A metal bonsai tree and a bronze bird top off a new sculpture for Hyphen.
Weighing almost 300kg, the mixed media sculpture titled ‘That’s Life’ was created by Wodonga artist Ken Raff, who produced the Porta sculpture on the Lincoln Causeway.
Mr Raff is thrilled with the finished product that stands almost three metres tall on the outdoor Sculpture Terrace.
“Being a predominately steel fabricated sculpture, there was a lot of steel cutting involved using both a plasma cutter and an angle grinder with a cutting disc,” he said.
“Once the shapes were cut, they were then welded into place using a mig welder.
“To clean the welds and edges up an angle grinder was used, first with a grinding disc and then finally with a wire brush.
“The form takes shape from the base plate up to the body of the work and then finally the spiral was shaped and fabricated.”
The sculpture has been painted and sealed to ensure the work endures the outdoors for a long time.
Mr Raff spent more than 300 hours fabricating the sculpture.
“I am very fortunate to own my own workshop space, which is an industrial shed with a five-metre-high ceiling,” he said.
“The high ceiling allows me to move tall works around using a gantry to lift heavy works like this commission, which will weigh approximately 200 to 300 kilograms.”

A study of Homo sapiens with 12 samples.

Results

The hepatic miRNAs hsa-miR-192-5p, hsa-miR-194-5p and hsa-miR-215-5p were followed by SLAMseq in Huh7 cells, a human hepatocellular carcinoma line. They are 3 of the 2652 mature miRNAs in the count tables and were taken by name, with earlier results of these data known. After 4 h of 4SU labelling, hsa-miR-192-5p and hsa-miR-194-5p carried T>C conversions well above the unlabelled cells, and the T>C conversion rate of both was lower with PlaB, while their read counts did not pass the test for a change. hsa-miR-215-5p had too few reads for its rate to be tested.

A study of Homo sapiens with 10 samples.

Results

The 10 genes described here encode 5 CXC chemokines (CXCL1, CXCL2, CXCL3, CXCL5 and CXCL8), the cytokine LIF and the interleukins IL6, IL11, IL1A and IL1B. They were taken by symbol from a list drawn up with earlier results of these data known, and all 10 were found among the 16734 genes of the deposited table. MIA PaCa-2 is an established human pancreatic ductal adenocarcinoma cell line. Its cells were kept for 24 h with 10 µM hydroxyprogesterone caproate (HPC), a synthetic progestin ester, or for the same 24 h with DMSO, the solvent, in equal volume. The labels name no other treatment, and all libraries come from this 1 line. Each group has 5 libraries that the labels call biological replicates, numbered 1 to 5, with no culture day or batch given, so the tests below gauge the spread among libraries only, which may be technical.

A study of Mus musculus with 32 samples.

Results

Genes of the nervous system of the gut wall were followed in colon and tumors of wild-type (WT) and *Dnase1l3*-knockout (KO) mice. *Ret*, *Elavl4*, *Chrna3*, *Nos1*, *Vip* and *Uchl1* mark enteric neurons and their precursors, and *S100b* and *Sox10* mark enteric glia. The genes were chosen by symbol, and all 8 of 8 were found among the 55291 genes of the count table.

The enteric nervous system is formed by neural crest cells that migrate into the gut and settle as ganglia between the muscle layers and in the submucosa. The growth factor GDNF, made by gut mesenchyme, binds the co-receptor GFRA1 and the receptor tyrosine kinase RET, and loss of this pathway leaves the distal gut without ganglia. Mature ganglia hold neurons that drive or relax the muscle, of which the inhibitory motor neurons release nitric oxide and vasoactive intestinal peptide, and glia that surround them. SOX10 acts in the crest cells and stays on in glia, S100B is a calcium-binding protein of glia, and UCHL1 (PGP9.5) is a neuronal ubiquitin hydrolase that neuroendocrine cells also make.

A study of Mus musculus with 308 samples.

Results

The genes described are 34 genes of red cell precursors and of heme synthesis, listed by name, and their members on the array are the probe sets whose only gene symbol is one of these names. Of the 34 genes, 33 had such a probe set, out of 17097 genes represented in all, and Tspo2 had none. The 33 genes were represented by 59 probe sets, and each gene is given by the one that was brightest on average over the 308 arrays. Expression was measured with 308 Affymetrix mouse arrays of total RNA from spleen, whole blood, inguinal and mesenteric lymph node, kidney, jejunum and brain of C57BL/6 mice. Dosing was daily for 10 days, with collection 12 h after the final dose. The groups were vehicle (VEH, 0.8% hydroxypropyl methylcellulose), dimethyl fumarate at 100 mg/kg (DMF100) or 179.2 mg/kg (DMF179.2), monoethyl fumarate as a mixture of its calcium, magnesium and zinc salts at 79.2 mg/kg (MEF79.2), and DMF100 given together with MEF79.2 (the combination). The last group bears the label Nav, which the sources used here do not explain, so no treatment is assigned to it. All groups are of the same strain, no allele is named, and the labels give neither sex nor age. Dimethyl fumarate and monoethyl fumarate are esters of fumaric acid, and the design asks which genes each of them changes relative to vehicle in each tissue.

Mr Raff’s sculpture concept was a visual expression of the important role both libraries and art galleries play in the development of a healthy and more balanced and integrated creative culture.
“It draws connections with the long history of the land through the organic nature of the construction, its form, and the use of symbol and metaphor,” he said.
“The sculpture encourages the viewer to read his or her own thoughts and ideas into it and to gain meaning from it.
“Much of my artwork has involved what I refer to as ‘the tension of opposites’ inherent in everything within our environment and this concept is embedded in the work presented here.”
Mr Raff said design concepts always change during the construction process.
“I work from the maquette and scale the actual piece up from it and this work is eight times the size of the maquette,” he said.
“As the fabrication process continues it takes on its own form.
“While close in appearance the maquette and actual work are different.”
Mr Raff said it was a privilege to contribute a major work for the new library-gallery.